The progress is a sign that you are improving, but it is never fast enough. The setbacks can weigh you down and can sometimes obliterate the progress. It's not an easy road altogether, which can sometimes make walking into the therapy room a daunting task.

When I face the shrink, I know that I am facing myself in a way. She is sometimes like a mirror that is being held up to me. Feelings come up which I don't want to handle, but yet I must. Sometimes those feelings elicit other feelings which I feel like skirting. And that is the most difficult part. Sometimes I will say that I really don't fell like talking about a certain issue, because I don't find it relevant. The shrink may think that it is relevant, however.

Who is really right in this matter of relevancy? It is hard to tell. There are occasions when I feel that she is right and so I will deal with difficult topics. But there are times when I feel that a certain subject is not worth talking about.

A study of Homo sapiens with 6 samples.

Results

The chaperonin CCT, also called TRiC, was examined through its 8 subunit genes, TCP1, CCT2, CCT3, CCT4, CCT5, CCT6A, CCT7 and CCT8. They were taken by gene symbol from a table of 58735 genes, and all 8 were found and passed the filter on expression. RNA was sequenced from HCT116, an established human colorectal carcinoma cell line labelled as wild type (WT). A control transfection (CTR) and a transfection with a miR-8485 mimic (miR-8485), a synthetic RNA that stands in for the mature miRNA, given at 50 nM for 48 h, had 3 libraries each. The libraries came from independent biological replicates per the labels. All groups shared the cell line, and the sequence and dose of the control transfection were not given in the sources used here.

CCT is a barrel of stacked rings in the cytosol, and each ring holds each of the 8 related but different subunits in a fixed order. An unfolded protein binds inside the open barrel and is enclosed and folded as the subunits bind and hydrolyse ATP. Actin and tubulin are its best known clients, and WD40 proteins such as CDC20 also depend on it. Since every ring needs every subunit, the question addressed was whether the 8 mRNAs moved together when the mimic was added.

Then again there are times when my psychiatrist's probing will shed light on matters. And then I will have one of those eureka moments.

It is important to trust your therapist, if you feel that altogether you are making progress. I feel that I am making slow progress, although that doesn't mean that I always look forward to the sessions. Facing your fears is difficult for most of us. It is like traveling down a road with unexpected twists and turns. Somehow you have to be prepared, and the only way to do that is to keep traveling.